Christian Eede , February 9th, 2023 16:30

The esteemed songwriter, who had 73 Top 40 hits in the US and 52 in the UK, died of natural causes

Legendary songwriter and performer Burt Bacharach has died, aged 94.

A representative for Bacharach, who had 73 Top 40 hits in the US and 52 in the UK across a decades-long career, told The Washington Post that he died at home in Los Angeles of natural causes.

Born in Kansas City, Missouri, in 1928 and raised in New York, Bacharach learnt to play cello, drums and piano as a child, and occasionally sneaked into New York jazz clubs such as Count Basie and Dizzy Gillespie while underage. After receiving classical training at schools in New York, California and Montreal, he had a spell in the US army before becoming a piano accompanist to a number of musicians. He also worked as an arranger and conductor for Marlene Dietrich when she toured Europe in the late '50s and early '60s.

In 1957, he met lyricist Hal David, and the pair went on to strike up a long-held songwriting partnership. Two of their earliest written songs together, 'The Story Of My Life' by Michael Holliday and 'Magic Moments' by Perry Como, peaked at the No.1 spot in the UK singles chart.

The pair went on to pen a number of all-time classics together, such as Aretha Franklin's 'I Say A Little Prayer', Tom Jones' 'What's New, Pussycat?', and Dusty Springfield's 'The Look Of Love'.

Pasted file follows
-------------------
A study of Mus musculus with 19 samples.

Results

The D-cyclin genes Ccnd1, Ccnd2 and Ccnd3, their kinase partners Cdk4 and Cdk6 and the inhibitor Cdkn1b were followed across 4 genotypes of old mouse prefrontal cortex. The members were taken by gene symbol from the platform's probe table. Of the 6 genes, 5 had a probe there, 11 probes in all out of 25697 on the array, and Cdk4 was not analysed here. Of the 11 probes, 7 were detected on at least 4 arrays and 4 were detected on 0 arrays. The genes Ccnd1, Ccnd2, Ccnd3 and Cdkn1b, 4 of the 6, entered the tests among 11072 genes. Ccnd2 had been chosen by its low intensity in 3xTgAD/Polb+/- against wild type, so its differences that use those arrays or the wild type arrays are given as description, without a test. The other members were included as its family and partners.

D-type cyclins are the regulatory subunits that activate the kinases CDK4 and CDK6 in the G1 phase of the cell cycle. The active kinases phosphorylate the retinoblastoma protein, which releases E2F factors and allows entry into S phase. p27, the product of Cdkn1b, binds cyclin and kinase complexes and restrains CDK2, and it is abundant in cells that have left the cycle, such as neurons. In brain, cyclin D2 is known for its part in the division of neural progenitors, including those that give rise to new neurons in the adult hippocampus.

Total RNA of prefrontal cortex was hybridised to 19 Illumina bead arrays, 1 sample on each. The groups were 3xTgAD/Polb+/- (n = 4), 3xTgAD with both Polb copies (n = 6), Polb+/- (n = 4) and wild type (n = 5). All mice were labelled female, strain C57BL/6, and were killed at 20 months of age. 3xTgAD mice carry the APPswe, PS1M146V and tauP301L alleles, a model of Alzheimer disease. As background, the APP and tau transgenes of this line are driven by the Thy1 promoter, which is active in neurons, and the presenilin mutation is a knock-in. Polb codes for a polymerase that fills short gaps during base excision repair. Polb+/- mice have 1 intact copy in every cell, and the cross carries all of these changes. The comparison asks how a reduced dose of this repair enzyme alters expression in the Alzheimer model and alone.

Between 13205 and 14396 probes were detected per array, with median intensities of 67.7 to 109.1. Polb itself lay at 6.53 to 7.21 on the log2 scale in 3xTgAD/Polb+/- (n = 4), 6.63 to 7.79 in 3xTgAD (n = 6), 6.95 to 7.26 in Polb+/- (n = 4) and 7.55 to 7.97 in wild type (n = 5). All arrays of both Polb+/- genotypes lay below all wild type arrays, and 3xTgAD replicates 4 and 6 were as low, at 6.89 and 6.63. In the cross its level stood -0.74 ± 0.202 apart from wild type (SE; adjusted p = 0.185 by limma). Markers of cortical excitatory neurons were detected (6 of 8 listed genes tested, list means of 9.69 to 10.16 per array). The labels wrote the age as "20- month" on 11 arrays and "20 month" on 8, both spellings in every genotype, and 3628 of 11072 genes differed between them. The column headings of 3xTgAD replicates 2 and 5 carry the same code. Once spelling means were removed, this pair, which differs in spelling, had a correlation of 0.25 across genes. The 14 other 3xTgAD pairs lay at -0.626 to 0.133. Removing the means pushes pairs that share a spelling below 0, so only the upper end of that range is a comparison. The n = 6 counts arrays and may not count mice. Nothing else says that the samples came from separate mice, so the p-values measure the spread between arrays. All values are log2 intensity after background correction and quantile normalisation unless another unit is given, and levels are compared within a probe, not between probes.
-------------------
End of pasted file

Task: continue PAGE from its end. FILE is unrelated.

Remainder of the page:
Another of Bacharach's best-known hits, BJ Thomas' 'Raindrops Keep Falling On My Head', won a Grammy award in 1969, while he also collected an Oscar award that same year for his score for the film Butch Cassidy And The Sundance Kid, in which 'Raindrops Keep Falling On My Head' featured. In all, he won three Oscars and six competitive Grammys – as well as the Grammy lifetime achievement award in 2008 – across his career.

In addition to his work with David, Bacharach enjoyed a long working partnership with Dionne Warwick, with the pair coming together on a number of Warwick's hits, such as 'Walk On By', 'Anyone Who Had A Heart' and 'Do You Know The Way To San Jose?' Warwick, however, later sued Bacharach after she was left without material when he and David stopped working together. Bacharach and Warwick reconciled in 1985 when they worked together on the 1985 AIDS charity single 'That's What Friends Are For'.

Among the other artists with whom Bacharach worked across his career are The Beatles, Elvis Costello, Frank Sinatra, Barbara Streisand and Dr. Dre.